Glass used to be part of the minimalist school, where the music is repetitive and pattern-oriented. Others who created music in the same mode were Steve Reich, Terry Riley and La Monte Young. If you want to get a good feel for what the music is like, try Glass' Music In Twelve Parts. Even though I like this music very much, I have found that this piece, when played long and loud, is sufficient to encourage guests, who have overstayed their welcome, to move on. Another piece of music in a more "classical" style, that can also be called minimalist, is Maurice Ravel's Bolero.
Glass soon left that style behind and experimented with many different forms. He is still called a minimalist for the same reason that all serious music is called "classical" - it's an easy tag to apply when you don't care enough to differentiate.
His sound is basically repetitive and simplistic. But he manages to combine his bits and pieces with enough variation to be entertaining. I discovered Glassworks in 1986, found Einstein on The Beach in 1988, and over the next few years I managed to find almost all his music. I've had ups and downs with my thoughts about his music, but the biggest test of my pleasure came with the 1996 concert in Sydney where Glass performed on solo piano and horrified me.
Live At The Opera House - 12th January 1996
I went and saw Philip Glass perform live at the Sydney Opera House in January 1996. Solo Piano. That was when I discovered that it is far better to listen to Glass' Solo Piano than to watch it. Watching it was terribly demoralising.
The performance was part of the Sydney Festival and I suspect that a lot of people had come along because it was part of the Festival and not because they knew his music and knew what to expect. During the first half, we listened to Opening, Witchita Vortex Sutra and Five Metamorphoses. The couple beside me kept fidgeting all through the performances and seemed disturbed. They were looking at the young section of the audience cheering wildly as interval started, and I overheard comments about "ill-educated audiences lacking in basic musical taste", and other very derogatory comments.
During interval, a young American couple approached me because I was holding a programme. I was asked if the second half was going to be like the first half. I explained what was coming and said that basically Yes, it would be the same. They said Oh, and thanked me. I asked if that was good or bad, and they said Bad, and they left. When we went back for the second half of the show, the couple beside me were not there, and neither were about a third of the audience. There were big gaps everywhere and it was very, very noticeable.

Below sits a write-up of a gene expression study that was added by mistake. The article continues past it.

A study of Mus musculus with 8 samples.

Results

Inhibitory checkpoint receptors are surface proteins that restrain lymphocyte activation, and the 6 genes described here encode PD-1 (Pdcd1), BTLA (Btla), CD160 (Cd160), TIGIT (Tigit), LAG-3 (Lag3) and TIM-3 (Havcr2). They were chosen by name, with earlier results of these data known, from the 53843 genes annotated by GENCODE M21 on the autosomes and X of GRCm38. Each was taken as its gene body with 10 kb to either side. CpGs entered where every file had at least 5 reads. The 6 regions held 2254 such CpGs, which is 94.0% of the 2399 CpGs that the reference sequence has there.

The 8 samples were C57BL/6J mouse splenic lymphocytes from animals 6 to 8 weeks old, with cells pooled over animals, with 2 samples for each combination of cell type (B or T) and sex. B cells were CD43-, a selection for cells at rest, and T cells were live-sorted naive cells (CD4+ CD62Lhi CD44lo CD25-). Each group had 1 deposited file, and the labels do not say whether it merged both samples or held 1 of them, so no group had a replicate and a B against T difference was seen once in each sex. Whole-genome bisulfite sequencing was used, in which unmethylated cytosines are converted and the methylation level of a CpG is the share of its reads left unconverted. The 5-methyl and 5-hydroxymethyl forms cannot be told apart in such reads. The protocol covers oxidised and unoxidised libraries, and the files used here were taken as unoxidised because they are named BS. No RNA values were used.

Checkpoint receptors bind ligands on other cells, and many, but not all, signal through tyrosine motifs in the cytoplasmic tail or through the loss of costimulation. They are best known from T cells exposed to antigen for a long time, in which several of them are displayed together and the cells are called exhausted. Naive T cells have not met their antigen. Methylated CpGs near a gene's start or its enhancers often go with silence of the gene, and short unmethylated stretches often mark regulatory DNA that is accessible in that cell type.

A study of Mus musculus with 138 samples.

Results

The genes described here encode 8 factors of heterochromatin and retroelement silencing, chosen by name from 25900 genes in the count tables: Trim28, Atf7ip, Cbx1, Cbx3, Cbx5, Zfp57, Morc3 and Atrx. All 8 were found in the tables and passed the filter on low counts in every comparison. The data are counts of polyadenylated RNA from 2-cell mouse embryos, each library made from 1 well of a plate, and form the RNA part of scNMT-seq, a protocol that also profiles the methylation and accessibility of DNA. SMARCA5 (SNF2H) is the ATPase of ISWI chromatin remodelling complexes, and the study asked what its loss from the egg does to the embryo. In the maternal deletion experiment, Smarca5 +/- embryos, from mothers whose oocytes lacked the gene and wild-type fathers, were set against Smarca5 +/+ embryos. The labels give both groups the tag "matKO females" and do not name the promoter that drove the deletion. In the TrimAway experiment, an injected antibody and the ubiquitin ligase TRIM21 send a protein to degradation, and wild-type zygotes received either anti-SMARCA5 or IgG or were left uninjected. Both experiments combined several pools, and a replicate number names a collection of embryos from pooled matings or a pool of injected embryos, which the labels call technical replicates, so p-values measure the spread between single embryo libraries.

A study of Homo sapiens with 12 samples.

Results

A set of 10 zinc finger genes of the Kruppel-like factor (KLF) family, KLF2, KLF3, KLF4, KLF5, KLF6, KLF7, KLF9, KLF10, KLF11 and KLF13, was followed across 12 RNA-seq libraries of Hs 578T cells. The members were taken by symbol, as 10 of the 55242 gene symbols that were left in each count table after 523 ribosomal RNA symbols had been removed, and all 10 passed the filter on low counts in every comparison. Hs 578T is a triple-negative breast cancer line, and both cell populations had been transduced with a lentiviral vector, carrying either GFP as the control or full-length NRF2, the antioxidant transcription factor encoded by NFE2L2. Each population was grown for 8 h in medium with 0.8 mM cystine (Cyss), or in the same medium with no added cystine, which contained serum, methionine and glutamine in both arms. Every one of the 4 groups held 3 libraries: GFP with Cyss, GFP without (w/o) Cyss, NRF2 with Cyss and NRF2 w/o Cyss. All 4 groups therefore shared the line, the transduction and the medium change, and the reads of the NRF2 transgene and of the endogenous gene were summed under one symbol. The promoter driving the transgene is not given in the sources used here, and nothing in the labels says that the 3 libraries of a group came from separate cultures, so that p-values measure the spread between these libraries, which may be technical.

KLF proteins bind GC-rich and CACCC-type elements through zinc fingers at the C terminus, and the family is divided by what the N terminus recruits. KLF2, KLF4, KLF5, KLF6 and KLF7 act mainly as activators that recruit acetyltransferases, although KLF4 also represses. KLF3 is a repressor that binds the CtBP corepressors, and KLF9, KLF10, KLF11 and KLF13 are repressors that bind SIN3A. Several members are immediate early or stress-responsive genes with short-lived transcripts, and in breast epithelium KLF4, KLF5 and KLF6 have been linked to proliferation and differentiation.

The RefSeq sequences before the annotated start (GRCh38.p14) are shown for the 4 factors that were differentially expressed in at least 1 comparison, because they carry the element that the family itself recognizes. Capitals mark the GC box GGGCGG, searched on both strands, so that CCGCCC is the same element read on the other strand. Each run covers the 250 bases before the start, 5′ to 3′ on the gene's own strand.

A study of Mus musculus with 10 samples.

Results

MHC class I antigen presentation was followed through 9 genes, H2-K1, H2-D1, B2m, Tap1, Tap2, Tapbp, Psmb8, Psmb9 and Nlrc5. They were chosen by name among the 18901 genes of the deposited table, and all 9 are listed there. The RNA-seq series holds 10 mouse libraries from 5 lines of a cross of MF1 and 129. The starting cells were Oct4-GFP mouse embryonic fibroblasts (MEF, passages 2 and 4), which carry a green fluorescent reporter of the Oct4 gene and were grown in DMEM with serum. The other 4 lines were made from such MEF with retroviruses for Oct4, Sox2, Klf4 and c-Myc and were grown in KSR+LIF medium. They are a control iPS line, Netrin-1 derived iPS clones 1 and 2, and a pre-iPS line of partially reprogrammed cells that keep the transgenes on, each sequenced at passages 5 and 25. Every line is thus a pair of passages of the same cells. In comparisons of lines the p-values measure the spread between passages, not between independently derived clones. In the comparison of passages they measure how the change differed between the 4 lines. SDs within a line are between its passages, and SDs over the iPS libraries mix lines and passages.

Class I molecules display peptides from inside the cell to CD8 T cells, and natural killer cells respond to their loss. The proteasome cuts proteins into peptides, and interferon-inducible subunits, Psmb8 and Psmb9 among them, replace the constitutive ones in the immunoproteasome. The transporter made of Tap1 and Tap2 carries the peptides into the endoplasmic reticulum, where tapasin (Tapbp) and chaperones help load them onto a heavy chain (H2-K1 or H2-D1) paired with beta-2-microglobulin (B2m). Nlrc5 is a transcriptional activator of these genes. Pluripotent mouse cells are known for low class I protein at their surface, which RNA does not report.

In the second half, we heard The Fourth Knee Play and Six Etudes, which included the world premiere of Etude #6, specially commissioned by the Sydney Festival, and an excerpt from Satyagraha. At the end of that, there was wild cheering and clapping from the seats containing very young people dressed very casually, and very little applause from the rest of the audience. Then came several encores.
There was one thing that grated throughout the concert. Glass kept his hands almost exclusively in the middle of the keyboard. There was very little range on the keyboard. But regularly, his right hand would cross over to the far left and press and hold down one key for a deep dungggg sound effect. The first time this happened, most of the audience just blinked and didn't take much notice of it. Then it became very, very annoying. When he did it, I would grit my teeth, and the audience would give a low grunt of annoyance. As I left the hall, I heard almost everyone commenting on this irritating habit. I heard at least six blue-rinse ladies say that if he did it one more time, they were going to scream. It was supremely irritating and it made most people concentrate on his hands, and that certainly detracted from the music.
I left the concert in despair. All I could think of as I left the hall was wondering if Glass knew he was a fraud or if was just deluding himself as well as us. It was a bad moment and I was terribly disillusioned. I kept thinking about Ayn Rand and The Fountainhead, and her claim that somewhere along the track a group of American art critics had deliberately set out to destroy the good in art, and promote the mediocre, and that the end result of that campaign was Philip Glass and Solo Piano.
Replaying Solo Piano at the Opera House
During the next week, I didn't listen to much music. And then the ABC replayed their recording of that concert. And this time, I enjoyed it a lot. It sounded great. Because I didn't have to watch the silly performance (especially that annoying right hand crossing over to far left to give that silly dunggggg), I could concentrate on how it sounded, and it sounded good. Even that irritating deep note had its place and you could hear how it fitted, how it was necessary for the music. But it looked so completely stupid and irritating yet it needed to be there. That was when I realised that Solo Piano needed to be heard and shouldn't be watched. If you watch it, you want to strangle Philip Glass. If you listen to it, you can enjoy and appreciate the music.
Then I started to think about the music and the different ways I appreciated it. I break Glass' music into four distinct areas, each characterised by how I listen to it.
But that's just my opinion. Most people I know can't stand his music or find it very boring. I've observed people who think the sun shines out of his arse and every piece is perfect and wonderful. I'm in-between. I like most of his music, in various ways, and some of it I'm not impressed by. Each to his own.
Philip Glass Lists
I've made a few lists of the CDs and LPs that I have, and that I want. The list isn't extensive, but it helps me manage my collection.